It's called Il Lombardia these days, but what was known to English speakers as the Tour of Lombardy for so long remains one of the sport's oldest and most romantic of one-day races, enjoying the poetic nickname of 'The Race of the Falling Leaves'.
Autumn wouldn't seem like the ideal time for one of the best races of the season, but the scenery – with the race based around the stunning Lake Como, which includes the climb of the magnificent Ghisallo – as well as the opportunity to see the new world champion in their fresh white jersey with the rainbow stripes, which in this case is Movistar's Alejandro Valverde, makes this a must-see event for fans, whether on the roadside or at home in front of the TV.
While many of the big names have already drawn their seasons to a close by this point, either through fatigue or injury, for others the chance to notch up a Monument on their palmarès is too good an opportunity to miss.
The race was first held in 1905, and it's none other than cycling legend Fausto Coppi who holds the record for the most number of wins at the race, with five.
While Great Britain has dominated this season's Grand Tours, with Sky's Chris Froome winning the Giro d'Italia, his teammate Geraint Thomas taking the Tour de France title, and Mitchelton-Scott's Simon Yates coming up with the goods at the Vuelta a España, Tom Simpson remains the only British winner of Lombardy, having taken the title in 1965.
The Irish, meanwhile, can look back fondly on Sean Kelly's wins in 1983, 1985 and 1991, while Dan Martin finally managed to land his own Lombardy win in 2014, having crashed on the last corner the year before when in the frame for a podium spot, and having had to settle for fourth place instead.
Martin (UAE Team Emirates) will be back, along with defending champion Vincenzo Nibali (Bahrain-Merida), who also won in 2015. Team Sky's Gianni Moscon – third last year – looks like a good bet for the win this year, having been on flying form over the past month, but there's no start for Quick-Step's Julian Alaphilippe, who has decided to end his season, citing exhaustion.
Fifth in Lombardy last year, Groupama-FDJ's Thibaut Pinot will need to be marked closely, especially as he won Wednesday's Milano-Torino and finished second at the Tre Valli Varesine on Tuesday, demonstrating his strong form.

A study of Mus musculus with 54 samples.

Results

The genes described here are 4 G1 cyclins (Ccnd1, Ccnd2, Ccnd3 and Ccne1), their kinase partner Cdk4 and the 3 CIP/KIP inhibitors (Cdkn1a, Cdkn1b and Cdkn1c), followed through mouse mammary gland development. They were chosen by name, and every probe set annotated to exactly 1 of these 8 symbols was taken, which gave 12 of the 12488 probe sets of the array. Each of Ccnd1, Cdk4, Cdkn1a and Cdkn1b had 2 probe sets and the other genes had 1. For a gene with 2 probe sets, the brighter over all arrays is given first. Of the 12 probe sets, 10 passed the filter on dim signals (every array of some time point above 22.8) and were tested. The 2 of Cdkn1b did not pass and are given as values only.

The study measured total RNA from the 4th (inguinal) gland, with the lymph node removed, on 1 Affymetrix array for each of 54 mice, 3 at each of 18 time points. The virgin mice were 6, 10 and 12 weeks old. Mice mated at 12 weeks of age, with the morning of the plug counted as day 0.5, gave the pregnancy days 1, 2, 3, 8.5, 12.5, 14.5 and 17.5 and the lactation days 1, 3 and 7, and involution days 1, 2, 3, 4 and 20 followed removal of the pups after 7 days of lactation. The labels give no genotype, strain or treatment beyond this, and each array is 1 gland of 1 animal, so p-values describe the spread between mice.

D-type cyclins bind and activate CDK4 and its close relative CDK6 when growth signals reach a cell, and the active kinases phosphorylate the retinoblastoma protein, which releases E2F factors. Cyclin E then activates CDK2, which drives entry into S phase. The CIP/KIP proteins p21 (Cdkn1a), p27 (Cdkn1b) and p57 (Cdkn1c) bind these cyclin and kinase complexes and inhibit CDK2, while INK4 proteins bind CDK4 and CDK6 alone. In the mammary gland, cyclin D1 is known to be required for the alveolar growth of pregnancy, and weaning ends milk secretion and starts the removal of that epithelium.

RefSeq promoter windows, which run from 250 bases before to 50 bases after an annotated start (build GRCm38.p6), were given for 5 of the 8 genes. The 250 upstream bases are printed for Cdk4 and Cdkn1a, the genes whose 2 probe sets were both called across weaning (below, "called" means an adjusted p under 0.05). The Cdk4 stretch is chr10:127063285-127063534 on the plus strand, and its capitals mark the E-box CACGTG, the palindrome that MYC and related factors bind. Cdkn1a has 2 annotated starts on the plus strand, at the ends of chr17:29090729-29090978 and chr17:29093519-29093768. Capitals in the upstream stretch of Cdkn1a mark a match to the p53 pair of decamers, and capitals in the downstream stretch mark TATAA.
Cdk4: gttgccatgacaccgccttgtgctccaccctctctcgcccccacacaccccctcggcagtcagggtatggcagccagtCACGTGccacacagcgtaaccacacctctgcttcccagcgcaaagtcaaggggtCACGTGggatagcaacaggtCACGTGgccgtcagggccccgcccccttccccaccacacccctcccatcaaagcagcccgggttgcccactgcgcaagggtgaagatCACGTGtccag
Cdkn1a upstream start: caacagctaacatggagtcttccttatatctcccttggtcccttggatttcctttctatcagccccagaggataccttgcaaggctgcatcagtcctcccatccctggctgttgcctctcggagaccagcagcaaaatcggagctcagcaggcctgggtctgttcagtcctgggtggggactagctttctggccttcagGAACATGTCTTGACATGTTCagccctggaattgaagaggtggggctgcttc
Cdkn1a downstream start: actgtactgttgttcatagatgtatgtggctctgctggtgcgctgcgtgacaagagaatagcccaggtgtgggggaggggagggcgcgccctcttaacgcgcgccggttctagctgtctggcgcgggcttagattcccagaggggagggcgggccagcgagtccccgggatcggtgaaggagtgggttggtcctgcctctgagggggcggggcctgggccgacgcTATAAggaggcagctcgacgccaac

The riders leave Bergamo on Saturday with 241 kilometres separating them and the finish in Como.
The first serious climb – the Colle Gallo – comes inside the first 50 kilometres, and could provide the launch pad for an early breakaway.
However, it's not until the race passes through the beautiful town of Bellagio on the shores of Lake Como, and reaches the Ghisallo, with just over 60 kilometres to race, that the race is likely to truly come alive.
The initial ramps feature hairpin bends and 14 per cent gradients, but whoever reaches the iconic Madonna del Ghisallo chapel at the top of the climb will still have a lot more work to do.
After a six-kilometre descent, it's straight on to the Colma di Sormano, which include the infamous Muro di Sormano – the Sormano Wall – section: two kilometres in length, at an average of 15 per cent, but touching gradients of 27 per cent, which in the past has sometimes seen riders reduced to walking.
A mercifully long, yet dangerous, descent, as Quick-Step's Laurens De Plus found out last year, down to Nesso follows, but there's one more sting in the tail in the shape of the Civiglio – just over four kilometres in length, at an average gradient of 10 per cent, and a maximum of 14 per cent – which comes inside the final 20 kilometres.
The riders also face a final, albeit slightly gentler, 1.5km climb up the San Fermo della Battaglia with five kilometres to go, but by then the leaders will have the bit between their teeth. The subsequent descent towards central Como takes them into the final kilometre, where it flattens out for the dash to the finish line.
Il Lombardia is truly a tough race, and comes after what for most will have been a long season. Whoever wins on Saturday will have thoroughly deserved their victory.